A Cassini close encounter news briefing will be available on NASA TV at 12 PM EST today. Live interviews on the Titan flyby will appear in segments from 3 to 7 PM EST this afternoon. A science briefing occurs tomorrow at 12 PM EST (all programs subject to change without notice, adds NASA).
For more, check both the Cassini-Huygens home page and the Cassini Imaging Team page. Also, a nice interview with Jonathan Lunine, of the Lunar and Planetary Laboratory at the University of Arizona, is here. Back to the usual interstellar rounds soon, but for now, Titan is too fascinating to ignore.
This image is one of the closest ever taken of Saturn’s hazy moon Titan. It was captured by Cassini’s imaging science subsystem on Oct. 26, 2004, as the spacecraft flew by Titan. At its closest, Cassini was 1,200 kilometers (745 miles) above the moon, 300 times closer than during its first flyby on July 3, 2004. Credit: NASA/JPL/Space Science Institute.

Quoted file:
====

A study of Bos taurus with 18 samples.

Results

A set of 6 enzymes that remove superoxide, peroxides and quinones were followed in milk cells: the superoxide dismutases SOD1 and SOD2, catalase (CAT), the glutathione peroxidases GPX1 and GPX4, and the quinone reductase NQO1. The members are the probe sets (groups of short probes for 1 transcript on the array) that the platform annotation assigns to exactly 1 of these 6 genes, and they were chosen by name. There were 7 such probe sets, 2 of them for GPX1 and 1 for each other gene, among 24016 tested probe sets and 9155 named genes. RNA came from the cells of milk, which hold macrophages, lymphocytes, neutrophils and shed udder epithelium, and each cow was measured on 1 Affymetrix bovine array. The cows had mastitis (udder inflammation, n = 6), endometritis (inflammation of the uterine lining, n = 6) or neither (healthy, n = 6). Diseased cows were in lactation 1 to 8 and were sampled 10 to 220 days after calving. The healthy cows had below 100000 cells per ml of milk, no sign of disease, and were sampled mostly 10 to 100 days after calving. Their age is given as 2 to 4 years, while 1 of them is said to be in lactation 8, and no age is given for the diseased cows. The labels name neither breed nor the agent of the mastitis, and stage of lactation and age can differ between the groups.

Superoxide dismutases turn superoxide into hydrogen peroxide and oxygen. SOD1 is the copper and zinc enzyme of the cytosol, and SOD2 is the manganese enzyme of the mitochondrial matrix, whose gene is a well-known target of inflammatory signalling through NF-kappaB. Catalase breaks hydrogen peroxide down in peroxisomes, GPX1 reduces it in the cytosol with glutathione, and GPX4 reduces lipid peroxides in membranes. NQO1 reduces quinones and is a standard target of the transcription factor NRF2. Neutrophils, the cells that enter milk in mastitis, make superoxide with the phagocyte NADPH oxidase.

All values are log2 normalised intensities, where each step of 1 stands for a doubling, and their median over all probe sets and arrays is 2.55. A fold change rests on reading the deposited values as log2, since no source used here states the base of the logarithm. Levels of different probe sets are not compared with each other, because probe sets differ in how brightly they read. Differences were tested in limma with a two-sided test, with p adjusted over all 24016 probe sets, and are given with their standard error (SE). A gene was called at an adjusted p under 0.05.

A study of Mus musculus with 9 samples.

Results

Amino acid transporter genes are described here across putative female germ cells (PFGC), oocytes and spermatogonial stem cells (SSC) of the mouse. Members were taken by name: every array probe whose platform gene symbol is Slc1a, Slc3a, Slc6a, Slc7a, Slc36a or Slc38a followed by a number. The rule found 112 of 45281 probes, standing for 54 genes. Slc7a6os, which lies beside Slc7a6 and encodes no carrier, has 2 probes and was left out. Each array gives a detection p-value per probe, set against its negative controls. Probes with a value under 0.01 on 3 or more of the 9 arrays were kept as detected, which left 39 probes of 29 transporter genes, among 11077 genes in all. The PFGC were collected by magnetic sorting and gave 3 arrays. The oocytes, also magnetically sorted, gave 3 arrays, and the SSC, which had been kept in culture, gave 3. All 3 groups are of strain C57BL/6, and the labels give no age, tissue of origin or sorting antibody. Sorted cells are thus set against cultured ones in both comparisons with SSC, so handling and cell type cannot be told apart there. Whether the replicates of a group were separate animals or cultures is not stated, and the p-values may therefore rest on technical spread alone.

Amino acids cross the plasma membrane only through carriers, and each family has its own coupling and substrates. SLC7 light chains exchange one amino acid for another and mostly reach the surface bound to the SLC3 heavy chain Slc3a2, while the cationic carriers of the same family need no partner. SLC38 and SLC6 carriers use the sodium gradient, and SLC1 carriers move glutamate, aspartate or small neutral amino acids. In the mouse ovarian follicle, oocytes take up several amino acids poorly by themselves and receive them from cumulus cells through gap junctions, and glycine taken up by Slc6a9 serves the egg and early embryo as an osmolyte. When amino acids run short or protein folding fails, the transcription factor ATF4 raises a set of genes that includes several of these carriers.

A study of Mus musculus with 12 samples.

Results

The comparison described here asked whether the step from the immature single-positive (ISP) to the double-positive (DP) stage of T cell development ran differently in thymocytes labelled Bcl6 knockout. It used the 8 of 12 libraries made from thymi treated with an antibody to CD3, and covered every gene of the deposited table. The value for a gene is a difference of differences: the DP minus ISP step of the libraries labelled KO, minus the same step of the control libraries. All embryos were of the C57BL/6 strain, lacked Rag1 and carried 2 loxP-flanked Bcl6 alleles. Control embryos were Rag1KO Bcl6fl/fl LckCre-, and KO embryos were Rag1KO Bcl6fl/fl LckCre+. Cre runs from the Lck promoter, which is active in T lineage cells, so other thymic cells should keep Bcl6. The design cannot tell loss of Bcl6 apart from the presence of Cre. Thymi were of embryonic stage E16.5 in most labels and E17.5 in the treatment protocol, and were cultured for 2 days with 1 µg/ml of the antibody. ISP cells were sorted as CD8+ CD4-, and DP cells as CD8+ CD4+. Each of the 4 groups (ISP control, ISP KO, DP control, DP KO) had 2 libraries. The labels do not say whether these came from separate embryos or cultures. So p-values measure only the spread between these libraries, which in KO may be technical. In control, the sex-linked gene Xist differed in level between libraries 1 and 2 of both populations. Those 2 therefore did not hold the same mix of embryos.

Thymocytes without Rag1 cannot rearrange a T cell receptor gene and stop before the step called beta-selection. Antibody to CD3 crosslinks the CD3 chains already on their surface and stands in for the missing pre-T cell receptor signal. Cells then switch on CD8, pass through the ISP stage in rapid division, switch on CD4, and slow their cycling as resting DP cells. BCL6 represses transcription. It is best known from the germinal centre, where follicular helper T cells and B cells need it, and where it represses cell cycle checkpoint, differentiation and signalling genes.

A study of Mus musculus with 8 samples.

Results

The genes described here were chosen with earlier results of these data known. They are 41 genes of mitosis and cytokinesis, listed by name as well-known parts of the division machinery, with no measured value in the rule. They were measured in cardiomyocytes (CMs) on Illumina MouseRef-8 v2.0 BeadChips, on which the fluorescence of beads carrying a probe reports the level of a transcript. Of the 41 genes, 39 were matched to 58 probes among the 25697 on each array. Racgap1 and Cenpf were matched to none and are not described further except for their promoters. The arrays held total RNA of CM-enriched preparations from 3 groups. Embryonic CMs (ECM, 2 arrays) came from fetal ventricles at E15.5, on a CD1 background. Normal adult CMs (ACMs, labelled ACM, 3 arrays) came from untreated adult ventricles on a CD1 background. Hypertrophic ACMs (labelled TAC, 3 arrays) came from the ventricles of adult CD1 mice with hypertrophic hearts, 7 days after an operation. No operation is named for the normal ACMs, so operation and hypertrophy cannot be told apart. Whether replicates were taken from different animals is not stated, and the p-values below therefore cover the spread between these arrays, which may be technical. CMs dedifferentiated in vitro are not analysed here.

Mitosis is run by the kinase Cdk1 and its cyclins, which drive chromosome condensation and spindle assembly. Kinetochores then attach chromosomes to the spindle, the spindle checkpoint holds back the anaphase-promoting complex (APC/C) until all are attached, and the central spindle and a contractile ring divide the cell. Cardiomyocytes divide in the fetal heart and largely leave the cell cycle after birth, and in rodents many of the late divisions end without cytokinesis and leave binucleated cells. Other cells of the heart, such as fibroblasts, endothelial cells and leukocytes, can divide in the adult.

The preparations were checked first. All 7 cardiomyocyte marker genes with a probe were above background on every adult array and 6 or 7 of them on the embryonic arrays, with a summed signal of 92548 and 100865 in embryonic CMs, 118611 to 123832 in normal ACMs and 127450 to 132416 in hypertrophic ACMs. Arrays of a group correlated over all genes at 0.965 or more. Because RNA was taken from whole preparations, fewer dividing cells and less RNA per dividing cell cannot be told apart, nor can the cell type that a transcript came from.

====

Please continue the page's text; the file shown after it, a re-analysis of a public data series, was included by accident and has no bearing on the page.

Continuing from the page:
A few salient facts: Cassini came within 1200 kilometers (750 miles) of Titan’s surface. At the time of the encounter, the spacecraft was 1.3 billion kilometers (826 million miles) from Earth, making for a transit time of 1 hour 14 minutes for data to arrive.
Says Mark Leese, a member of the Huygens team at the Open University (UK), who are involved in the Science Surface Package (SSP) and the Huygens Atmospheric Instrument (HASI):
“The combination of images, spectrometer measurements and RADAR data from this close flyby should help to prepare us for the [Huygens] mission ahead. In addition, Cassini’s measurements of the atmosphere should confirm that the Titan atmosphere model used to design the probe entry system is correct.”
Sources: Various NASA Web pages; Cassini Imaging Central Laboratory for Operations site; news release from the Particle Physics and Astronomy Research Council (UK).